Google Docs is currently the king of web based collaborative writing. It’s so popular that Microsoft had to come out with its own web based product (it’s essentially a lightweight version of the Office Word you’re used to).
But outside of MS, no one is really competing with Google Docs. Editorially tried and failed. Draft seems to have picked up Editorially’s mantle but I’m not a big fan of how Draft does a lot of things. But Editorially and Draft went to the extreme end of online writing, with heavy reliance on Markdown and ditching rich text.
As much as I’d like it to be, Markdown is not for everyone. But it is awesome. This is where Quip comes in. Quip doesn’t take an extreme, text-only route like Draft. It sits somewhere in the middle. Does that mean it’s good? Let’s find out.
Quip is Clean and Fast
Google Docs is supposed to be the writing suite for the modern world but it still looks like MS Word. Quip, on the other hand, embraces modern design and keeps everything from backgrounds to typography to the UI clean. There aren’t rulers, dozens of menus, or sub-menus to mess around with. You can choose from 6 typography themes but that’s it.
The reason there’s no formatting toolbar is that you don’t need one. Quip follows a mix of basic Markdown and popup editing options like Medium and the Desk Mac app. You decide what you want to do with the text after you’ve selected it.
Using Markdown, you can specify headings, lists, code blocks, and more.
Google Docs is Feature Rich and Supports Add-ons and Scripts
This is one of the best things about Google Docs and if you’re a power user it can make you forget all about Doc’s other problems.
Docs already has awesome add-ons for writers and you can write scripts to customize things for yourself.
Quip has none of those things. If power features are what you want, Quip isn’t for you.
For Pure Writing, Quip Takes the Prize
When we’re talking about the pure joy of writing, Quip is much better than Google Docs. Plus it supports developer-friendly features like code blocks, inline code, and more.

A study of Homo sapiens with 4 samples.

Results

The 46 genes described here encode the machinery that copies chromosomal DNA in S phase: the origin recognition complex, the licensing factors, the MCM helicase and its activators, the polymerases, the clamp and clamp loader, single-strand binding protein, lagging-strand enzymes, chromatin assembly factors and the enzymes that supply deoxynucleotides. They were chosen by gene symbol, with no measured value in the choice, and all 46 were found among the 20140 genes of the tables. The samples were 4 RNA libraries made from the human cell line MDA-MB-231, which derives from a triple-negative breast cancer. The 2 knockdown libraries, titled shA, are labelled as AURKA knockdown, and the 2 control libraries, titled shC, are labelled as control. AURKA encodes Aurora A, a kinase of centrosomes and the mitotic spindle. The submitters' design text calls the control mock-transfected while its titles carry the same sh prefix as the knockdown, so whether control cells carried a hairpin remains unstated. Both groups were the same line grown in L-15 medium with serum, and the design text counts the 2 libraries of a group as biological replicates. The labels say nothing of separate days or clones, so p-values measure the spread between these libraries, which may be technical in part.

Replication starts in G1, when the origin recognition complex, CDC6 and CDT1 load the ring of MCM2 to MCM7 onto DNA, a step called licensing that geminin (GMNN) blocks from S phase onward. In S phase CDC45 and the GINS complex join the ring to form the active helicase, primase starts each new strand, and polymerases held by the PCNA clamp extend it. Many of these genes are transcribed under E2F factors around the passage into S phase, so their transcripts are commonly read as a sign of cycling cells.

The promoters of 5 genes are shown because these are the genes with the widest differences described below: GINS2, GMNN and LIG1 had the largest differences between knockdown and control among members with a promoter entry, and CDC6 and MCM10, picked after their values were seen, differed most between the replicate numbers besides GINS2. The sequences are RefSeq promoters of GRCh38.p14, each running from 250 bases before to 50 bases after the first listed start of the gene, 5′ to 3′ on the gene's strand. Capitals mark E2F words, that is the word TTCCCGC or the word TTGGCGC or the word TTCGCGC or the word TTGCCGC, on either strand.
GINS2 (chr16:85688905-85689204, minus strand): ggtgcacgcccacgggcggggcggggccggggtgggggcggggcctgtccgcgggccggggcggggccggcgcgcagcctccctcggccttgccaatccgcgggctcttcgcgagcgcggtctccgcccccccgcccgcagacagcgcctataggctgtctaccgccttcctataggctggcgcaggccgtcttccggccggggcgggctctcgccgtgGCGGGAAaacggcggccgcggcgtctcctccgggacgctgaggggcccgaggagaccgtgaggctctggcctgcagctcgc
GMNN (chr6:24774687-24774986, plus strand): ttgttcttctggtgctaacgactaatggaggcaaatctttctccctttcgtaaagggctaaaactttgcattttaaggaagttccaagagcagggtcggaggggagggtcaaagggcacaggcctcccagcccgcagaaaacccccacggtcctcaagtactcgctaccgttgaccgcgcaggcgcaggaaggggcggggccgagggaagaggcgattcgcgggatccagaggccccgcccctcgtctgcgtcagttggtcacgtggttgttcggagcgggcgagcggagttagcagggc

For Formatting and Live Collaboration, Docs is Still the Best
I think simple text formatting is better in Quip where you can just write a sentence with two # symbols and turn it into a level 2 heading. Making a list and adding a block quote is also similar.
But when you’re talking about formatting the whole document, with images that flow along with the text, multiple text sizes, font options, color, and more, Google Docs wins hands down. I mean, in Quip, you can’t even click and drag an in-line image to make it smaller or larger.
In Google Docs, you can easily make those changes and expect the text to flow freely in the available space.
While Quip has an awesome collaboration feature with comments and version tracking, you don’t get those live changes with cursors in moments when two people are working in the document at the same time.
Points of Note
Quip is great for writing. Docs is great for power user features related to writing.
When it comes to collaboration and version tracking Quip is on par with Docs except the live, multiple cursor editing on one screen thing.
Currently, Quip and Docs are both free to use.
Quip lets you integrate things like Checklists and even a spreadsheet right inside the document. But that list is nothing compared to Doc’s apps and scripts integrations.
Quip supports HTML and Markdown exporting. The generated PDF also looks pretty sweet.
Both have version control systems but while Docs shows you your entire revision history, Quip displays changes to the document in the sidebar.
What’s Your Favorite?
Of course, there’s a lot more to both apps than what I’ve written here and you should explore both of them at your own pace. Are you in the Google Docs camp or the Quip camp? Share with us in the comments below.